Collateral damage involving a herd of sheep, a flock of crows and Four Lions

I love those days when I get to laugh out loud. In fact, I am in absolute awe of those moments when I laugh so hard, it hurts. And I love falling over from my chair while in the process of doing so. I wouldn’t mind a few tears that would accompany such bouts of delirious guffaws. And I got all these and more when I recently landed up at the doorsteps of the Alliance Francaise of Chennai for the screening of the British film Four Lions on the closing day of a week long European film fest.

True to nature I ended up reaching the venue almost 10, or maybe 15 minutes late. But even before I could settle myself in a seat in the newly renovated Eduardo Michelin auditorium that was packed to capacity, I found myself rolling over in laughter. Almost gasping in disbelief at times, I began wondering how could a problem as serious as terrorism be approached and tackled with audacity and authority that sprang from the fountain of humor?

In between hysterical screams of laughter during the course of the film directed by Chris Morris, I thought to myself - how does someone go about making a film that looks at religious fanaticism right in the eye and then goes on to tickle it to death or until it cries out loud to stop? The counterweight of morality that filmmakers try to effuse so explicitly in films dealing with such themes is almost conspicuous by its absence in Four Lions. People do what they do for they feel they are right the way they look at things. Or are they?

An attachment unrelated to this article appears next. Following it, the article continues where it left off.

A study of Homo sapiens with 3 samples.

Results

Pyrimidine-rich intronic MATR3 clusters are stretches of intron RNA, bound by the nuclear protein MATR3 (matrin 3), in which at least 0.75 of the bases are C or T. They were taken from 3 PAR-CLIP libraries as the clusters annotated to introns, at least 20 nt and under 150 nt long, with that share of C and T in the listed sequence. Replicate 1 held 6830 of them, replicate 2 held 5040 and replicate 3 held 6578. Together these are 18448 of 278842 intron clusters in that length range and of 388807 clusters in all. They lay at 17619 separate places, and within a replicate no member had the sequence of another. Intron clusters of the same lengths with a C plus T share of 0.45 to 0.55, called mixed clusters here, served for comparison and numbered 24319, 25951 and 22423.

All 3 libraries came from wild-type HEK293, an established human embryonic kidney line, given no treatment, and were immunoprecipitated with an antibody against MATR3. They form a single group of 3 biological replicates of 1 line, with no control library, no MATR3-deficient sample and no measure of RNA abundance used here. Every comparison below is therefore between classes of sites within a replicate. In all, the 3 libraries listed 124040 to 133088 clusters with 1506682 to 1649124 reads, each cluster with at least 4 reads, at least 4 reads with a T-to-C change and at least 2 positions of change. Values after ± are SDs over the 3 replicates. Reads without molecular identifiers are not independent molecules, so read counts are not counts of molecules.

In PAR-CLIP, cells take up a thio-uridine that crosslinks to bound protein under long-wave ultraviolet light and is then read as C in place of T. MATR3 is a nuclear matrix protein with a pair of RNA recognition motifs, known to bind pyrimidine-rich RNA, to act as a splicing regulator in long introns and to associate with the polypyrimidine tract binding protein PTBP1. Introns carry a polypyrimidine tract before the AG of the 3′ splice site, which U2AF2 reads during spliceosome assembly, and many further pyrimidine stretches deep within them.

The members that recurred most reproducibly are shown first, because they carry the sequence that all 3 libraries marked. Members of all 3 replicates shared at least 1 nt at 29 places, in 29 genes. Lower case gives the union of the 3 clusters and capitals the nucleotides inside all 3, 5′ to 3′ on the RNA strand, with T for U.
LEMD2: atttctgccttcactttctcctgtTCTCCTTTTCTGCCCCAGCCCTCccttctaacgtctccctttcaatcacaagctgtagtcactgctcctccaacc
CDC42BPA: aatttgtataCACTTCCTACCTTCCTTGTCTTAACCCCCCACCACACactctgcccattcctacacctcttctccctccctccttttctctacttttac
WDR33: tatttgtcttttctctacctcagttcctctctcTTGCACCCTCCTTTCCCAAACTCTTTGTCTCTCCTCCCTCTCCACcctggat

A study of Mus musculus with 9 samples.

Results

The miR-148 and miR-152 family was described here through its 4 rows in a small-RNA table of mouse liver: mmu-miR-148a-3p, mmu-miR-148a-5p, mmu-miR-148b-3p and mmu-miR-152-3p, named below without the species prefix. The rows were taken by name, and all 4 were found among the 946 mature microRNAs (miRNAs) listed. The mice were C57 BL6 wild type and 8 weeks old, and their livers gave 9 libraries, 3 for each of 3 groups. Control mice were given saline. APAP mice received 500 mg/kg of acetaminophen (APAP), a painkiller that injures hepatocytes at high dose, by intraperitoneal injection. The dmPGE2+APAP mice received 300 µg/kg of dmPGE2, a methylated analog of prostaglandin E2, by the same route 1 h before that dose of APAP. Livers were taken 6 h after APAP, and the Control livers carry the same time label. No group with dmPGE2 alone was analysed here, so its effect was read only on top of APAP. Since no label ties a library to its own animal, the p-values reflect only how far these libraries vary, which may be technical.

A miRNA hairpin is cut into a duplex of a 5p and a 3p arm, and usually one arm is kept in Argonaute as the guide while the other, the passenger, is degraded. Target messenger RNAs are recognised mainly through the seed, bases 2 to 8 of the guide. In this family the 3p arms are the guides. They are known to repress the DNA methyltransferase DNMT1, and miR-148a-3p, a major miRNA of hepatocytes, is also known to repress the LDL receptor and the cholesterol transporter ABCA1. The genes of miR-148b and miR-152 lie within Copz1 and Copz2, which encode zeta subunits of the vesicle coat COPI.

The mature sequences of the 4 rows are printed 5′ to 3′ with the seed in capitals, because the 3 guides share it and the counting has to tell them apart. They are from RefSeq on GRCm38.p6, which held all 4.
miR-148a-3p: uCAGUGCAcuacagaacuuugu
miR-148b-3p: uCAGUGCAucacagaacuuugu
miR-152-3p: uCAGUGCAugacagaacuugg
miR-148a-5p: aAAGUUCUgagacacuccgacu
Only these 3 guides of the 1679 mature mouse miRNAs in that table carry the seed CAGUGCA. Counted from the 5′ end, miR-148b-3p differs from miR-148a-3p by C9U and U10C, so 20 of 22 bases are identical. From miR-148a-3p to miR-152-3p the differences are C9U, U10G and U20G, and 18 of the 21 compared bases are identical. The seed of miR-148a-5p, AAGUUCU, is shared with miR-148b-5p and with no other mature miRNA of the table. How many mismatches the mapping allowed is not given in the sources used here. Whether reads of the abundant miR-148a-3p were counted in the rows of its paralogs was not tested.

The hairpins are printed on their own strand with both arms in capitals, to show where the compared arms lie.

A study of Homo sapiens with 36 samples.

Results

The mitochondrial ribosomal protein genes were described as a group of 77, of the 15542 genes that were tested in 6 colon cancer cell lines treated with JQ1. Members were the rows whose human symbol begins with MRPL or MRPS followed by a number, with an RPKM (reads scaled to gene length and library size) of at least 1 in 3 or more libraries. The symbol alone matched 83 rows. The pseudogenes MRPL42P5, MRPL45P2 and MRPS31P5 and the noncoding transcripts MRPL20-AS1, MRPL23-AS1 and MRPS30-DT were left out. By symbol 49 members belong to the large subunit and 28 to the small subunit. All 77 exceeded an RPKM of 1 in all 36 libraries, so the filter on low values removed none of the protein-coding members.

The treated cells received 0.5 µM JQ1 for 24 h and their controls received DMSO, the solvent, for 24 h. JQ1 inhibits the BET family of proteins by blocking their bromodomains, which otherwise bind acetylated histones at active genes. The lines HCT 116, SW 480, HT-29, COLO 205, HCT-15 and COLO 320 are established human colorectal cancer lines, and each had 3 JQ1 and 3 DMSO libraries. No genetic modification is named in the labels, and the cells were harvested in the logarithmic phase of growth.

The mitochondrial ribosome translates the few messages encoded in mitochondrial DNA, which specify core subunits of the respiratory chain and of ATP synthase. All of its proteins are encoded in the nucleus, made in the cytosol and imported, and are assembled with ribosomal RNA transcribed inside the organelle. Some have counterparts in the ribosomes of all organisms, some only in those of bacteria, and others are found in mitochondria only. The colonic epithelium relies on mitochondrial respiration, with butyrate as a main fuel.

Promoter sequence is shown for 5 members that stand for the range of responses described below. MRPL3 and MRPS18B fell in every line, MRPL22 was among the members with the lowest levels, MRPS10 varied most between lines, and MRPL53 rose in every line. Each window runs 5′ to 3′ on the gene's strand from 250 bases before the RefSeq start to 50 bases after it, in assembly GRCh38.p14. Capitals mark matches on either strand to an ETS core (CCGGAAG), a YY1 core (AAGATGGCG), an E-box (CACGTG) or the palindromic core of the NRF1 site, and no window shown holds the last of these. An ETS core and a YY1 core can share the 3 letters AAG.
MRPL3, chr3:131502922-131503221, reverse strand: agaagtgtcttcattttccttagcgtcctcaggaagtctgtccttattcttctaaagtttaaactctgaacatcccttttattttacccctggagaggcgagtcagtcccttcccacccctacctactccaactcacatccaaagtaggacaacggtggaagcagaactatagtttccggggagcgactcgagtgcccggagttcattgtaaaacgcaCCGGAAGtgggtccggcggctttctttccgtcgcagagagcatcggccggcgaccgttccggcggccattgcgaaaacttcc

Ideas concerning faith and one’s belief systems are barely spared in this scalpel sharp critique examining the nature of indoctrination – religious and otherwise. Individuals who might have been ready to sacrifice themselves at the altar of a holy battle are plunged into the chaos of confusion, with absolutely no comprehension as to when and why they decided to turn martyrs?

The outlandish nature of the proceedings, no matter how senseless it might appear strikes a very resonant chord with audiences born into an age of racial intolerance. And at the center of this intolerant little universe brewing in a suburb of London are the four titular lions - a quartet of simple minded Britons, who think they have a responsibility towards their brethren and that responsibility can be fulfilled only through sacrifice - involving them and many innocent bystanders, which should shake the Western world out of its numbed slumber.

But waging war against a certain ideology is no easy task as our protagonists realize early on in the film. From nodding one's heads vigorously while walking the pavements to avoid identification by the surveillance cams to learning about the origin of the firing end of a rocket launcher, the really hard way, or even cooking up a rap track justifying one's actions that have been preordained by God almighty, the tasks represent a tall order for even the most hardened of fanatics.

I shall not go on to divulge any of the jokes in the film, purely for the reason that each and every one of them is a singular gem, a comedic milestone of sorts in itself. You can take it from me on record, you won't find a funnier film this entire year. Slip the disc in and prepare yourself for the biggest laughathon since The Hangover.